As part of our continued commitment to putting more information out for open access, BGS has released a number of its digital image collections on OpenGeoscience. These include over one million borehole log scans, access to the GeoScenic photo archive and photographs of hydrocarbon well cores.
The borehole core photographs, borehole scans, hydrogeology maps of the UK and magnetograms are delivered under the Open Government Licence, subject to the following acknowledgement accompanying the reproduced BGS materials: "Contains British Geological Survey materials © NERC [year]".
GeoScenic and the Irish historical geological maps are delivered free for non-commercial use; use this material for private study, research and educational activities. See individual websites for specific terms and conditions.
This resource provides high resolution viewing images of almost all small and medium scale maps produced by the British Geological Survey since mapping started in 1832 and supersedes the Historical Maps application.
All BGS core samples are being photographed as high resolution colour images commencing with the UKCS (hydrocarbon) well cores. Access them here.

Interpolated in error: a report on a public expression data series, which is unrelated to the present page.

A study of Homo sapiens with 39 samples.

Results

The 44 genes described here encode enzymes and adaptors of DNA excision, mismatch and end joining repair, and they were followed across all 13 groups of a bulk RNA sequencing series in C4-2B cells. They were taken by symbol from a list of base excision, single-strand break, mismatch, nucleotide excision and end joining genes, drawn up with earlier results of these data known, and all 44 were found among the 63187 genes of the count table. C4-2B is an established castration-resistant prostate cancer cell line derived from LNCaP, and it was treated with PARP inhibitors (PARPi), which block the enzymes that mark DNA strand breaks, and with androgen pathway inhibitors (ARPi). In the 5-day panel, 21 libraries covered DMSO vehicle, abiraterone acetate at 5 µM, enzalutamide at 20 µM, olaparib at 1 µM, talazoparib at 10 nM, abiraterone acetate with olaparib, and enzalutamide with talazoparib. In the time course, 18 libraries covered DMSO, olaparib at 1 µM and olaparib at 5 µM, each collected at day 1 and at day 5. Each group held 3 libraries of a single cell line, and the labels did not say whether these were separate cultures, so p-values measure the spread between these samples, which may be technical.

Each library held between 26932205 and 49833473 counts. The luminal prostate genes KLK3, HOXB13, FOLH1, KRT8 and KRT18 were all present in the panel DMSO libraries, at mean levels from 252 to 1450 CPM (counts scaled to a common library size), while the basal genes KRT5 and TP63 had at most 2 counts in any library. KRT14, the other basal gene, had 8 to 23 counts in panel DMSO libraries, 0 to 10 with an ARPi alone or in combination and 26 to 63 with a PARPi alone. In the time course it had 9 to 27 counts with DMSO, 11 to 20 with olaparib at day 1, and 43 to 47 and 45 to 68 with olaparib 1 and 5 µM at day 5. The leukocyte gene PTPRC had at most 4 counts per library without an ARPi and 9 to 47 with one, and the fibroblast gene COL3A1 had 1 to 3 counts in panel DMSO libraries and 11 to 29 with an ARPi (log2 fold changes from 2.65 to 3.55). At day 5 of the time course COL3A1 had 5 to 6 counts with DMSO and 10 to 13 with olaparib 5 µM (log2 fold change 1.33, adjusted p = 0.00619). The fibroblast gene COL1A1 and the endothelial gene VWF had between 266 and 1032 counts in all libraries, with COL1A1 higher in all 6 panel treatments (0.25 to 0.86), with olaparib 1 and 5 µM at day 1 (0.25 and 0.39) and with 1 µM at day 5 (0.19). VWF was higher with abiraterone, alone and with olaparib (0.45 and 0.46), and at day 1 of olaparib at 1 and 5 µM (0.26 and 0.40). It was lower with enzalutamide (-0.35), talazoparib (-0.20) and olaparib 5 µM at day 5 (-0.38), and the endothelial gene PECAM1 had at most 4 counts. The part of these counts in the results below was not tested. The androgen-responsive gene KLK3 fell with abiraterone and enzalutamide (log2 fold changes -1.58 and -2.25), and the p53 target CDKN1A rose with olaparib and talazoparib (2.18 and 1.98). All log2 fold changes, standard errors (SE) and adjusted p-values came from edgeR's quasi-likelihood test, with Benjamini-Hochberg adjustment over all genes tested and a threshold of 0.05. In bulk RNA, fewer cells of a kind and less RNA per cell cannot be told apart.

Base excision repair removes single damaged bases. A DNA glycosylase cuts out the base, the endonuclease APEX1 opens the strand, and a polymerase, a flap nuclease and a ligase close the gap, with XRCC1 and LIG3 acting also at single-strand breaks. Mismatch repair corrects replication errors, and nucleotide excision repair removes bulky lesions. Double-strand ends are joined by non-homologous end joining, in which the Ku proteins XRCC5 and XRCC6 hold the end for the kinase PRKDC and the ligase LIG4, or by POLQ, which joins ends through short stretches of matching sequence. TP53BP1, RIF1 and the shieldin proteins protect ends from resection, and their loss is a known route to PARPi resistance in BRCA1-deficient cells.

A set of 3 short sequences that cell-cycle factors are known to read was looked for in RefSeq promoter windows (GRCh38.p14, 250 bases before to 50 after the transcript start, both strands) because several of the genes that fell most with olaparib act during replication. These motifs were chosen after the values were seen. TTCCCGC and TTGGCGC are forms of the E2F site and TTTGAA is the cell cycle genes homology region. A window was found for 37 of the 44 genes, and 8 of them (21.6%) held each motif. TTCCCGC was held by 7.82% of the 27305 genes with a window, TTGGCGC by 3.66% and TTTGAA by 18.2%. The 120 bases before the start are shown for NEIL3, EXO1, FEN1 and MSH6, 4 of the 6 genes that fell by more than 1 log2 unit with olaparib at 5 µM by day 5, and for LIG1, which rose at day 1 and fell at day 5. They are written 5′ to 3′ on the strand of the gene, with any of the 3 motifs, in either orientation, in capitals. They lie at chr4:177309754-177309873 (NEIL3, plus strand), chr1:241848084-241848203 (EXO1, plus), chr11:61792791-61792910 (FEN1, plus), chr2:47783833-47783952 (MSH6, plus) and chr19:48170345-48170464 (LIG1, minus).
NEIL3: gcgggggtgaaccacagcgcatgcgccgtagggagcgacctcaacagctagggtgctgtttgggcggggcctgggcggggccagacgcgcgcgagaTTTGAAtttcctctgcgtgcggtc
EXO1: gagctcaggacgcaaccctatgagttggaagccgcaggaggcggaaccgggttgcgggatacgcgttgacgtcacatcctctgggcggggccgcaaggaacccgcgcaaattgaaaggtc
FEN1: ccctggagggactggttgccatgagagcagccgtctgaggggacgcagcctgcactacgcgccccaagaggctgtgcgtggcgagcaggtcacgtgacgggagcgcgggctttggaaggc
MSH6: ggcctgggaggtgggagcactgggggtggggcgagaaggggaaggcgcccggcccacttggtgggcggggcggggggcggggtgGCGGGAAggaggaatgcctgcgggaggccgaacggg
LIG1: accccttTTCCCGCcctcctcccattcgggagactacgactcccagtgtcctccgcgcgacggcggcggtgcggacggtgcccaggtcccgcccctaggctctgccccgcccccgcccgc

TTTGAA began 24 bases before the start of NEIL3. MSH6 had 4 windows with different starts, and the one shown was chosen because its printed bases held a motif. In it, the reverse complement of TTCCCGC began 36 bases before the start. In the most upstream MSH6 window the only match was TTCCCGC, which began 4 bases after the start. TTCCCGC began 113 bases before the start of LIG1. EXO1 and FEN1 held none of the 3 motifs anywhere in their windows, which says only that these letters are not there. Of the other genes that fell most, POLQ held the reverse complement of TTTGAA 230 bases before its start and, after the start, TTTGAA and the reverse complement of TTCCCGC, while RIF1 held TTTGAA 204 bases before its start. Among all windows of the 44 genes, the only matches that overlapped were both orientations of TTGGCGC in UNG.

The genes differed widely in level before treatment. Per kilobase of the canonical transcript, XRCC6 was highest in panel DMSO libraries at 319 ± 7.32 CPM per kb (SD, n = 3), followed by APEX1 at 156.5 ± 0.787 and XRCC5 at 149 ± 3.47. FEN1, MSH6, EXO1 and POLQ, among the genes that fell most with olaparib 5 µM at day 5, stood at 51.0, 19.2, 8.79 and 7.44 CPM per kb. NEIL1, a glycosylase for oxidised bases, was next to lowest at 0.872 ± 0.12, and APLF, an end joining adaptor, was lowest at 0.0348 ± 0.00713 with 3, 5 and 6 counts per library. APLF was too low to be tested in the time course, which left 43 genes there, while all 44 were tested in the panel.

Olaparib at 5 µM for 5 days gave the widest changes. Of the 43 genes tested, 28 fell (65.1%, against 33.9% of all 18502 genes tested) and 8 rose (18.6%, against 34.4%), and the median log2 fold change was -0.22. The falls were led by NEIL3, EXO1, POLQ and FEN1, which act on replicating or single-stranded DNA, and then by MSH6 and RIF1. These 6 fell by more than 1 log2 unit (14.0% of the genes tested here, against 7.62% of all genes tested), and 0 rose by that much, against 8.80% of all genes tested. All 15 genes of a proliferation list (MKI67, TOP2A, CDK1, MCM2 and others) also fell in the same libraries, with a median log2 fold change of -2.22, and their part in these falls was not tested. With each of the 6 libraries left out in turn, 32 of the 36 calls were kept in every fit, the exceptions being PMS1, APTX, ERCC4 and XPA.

View and download 1000×1000 pixel images from the National Archive of Geological Photographs.
Search Geoscenic using a map.
Maps of the hydrogeology of the UK that have previously been available in paper form through the BGS shop are now available to view online.
A range of historical geological maps, sections and memoirs of Ireland, mostly 19th century.
The card catalogue records items added to the BGS Library service from 1970 to the mid 1980s, when the computerised catalogue ENVIROLIB began.
BGS scanned collection of historical magnetograms - original recordings of the variations in the strength and direction of the Earth's magnetic field.
A range of mine plans from a variety of sources including the Health and Safety Executive mine abandonment plans, published mine plans and plans of mine workings.
Petrological thin sections (microscope slides) are being imaged (plane and cross polarized light) and progressively linked to the Rock Collections database. Currently about 100 000 Scottish thin sections are available (S & N registration series). 75 000 English and Welsh thin sections (E registration series) will be added in due course.